Campus events and COVID

With the COVID-19 pandemic still raging and vaccines not widely available for college students, on-campus events at Carnegie Mellon have been missing from common spaces. For the events that have continued, the responsibilities of both students and staff in managing these events have escalated.

One of the simplest parts of Carnegie Mellon's strategy has been to advise against gathering on campus. In a notice effective Feb. 27, Carnegie Mellon "strongly discouraged" in-person gatherings among students. "Under no circumstances should students host or attend in-person gatherings where physical distancing cannot be maintained at all times," it read. Students and staff also have new responsibilities meant to keep the few approved on-campus buildings safer.

Marcia Gerwig, director of the Cohon University Center (CUC), detailed some of these new duties in an interview. Staff are required to wipe down equipment between classes held at the CUC, in addition to cleaning the facility overnight. CUC staff must also ensure that there are face coverings and hand sanitizer at entrances and the information desk. Visitors are also expected to abide by campus-wide rules, like wearing a mask, but the building is only accessible with a Carnegie Mellon ID, and it is closed from 11 p.m. to 7 a.m. for cleaning. Tartan Testing also distributes test kits out of the CUC, and parts of the CUC, like Wiegand Gymnasium and the weight and exercise rooms, have their own occupancy limits.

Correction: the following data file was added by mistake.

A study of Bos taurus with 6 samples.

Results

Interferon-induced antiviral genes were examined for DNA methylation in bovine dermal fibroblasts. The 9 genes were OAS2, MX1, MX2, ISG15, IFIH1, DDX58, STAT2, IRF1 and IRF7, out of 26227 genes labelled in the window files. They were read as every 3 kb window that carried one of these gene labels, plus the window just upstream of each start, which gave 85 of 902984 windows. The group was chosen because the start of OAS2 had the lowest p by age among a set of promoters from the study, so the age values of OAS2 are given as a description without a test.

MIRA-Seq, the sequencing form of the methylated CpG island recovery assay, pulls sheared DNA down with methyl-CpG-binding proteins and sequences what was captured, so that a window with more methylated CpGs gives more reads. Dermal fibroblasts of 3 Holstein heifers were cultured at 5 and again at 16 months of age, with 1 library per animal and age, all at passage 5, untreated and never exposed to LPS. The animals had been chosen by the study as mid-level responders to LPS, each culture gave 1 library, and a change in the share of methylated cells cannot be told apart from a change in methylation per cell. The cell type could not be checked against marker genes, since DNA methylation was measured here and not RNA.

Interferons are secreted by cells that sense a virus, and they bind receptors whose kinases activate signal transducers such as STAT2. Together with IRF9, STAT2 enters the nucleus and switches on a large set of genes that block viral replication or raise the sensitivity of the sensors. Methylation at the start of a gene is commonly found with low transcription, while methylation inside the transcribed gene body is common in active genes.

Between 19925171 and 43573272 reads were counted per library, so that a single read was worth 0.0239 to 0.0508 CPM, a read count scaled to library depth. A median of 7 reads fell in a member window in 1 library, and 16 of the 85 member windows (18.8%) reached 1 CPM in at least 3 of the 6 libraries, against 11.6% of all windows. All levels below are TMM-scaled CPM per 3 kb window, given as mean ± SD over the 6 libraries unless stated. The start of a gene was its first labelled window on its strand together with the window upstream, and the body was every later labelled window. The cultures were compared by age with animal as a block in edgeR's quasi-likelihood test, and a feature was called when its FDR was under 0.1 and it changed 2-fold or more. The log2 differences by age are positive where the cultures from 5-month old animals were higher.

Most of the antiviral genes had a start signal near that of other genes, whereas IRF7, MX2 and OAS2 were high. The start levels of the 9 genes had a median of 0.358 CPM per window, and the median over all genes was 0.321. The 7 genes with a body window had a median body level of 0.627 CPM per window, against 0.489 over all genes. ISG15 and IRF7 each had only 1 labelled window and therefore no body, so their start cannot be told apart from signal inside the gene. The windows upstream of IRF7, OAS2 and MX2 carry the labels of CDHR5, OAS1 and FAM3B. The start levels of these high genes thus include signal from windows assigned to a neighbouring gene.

When asked what was different about her job since the pandemic started, Gerwig responded, "The biggest change, really, is there are much fewer people in the building." She added, "It's like the summer population, like very few students." While there have been fewer students at the CUC, the building still hosts some club activities, like dance groups. Still, she said, "A lot of times even the in-person classes where we have room reserved for classes to be held are held remote and students don't come to the building."

Some classes are offering in-person instruction, but students can only attend a maximum of 30 to 40 percent of their hybrid classes in person. Student organizations are required to hold their meetings remotely, and, for indoor activities that clubs want to hold, there are minimum square footage requirements. Student organizations also must designate Student Pandemic Safety Ambassadors (SPSAs) whose responsibilities include enforcing "expectations and requirements" and attending any in-person activities held by their organizations. For clubs to hold in-person events, their SPSAs must apply and have their proposed event reviewed.

For Gerwig, the lack of people and the new rules have meant "the few students we do interact with is to explain COVID requirements and COVID policy." She added, "The groups that are in here require more scrutiny just to make sure that they're following procedure."

Gerwig acknowledged, "What we're about is people coming here to just hang out in the Cohon Center, and we can't do that anymore." Still, she emphasized that the CUC staff is still available to support students.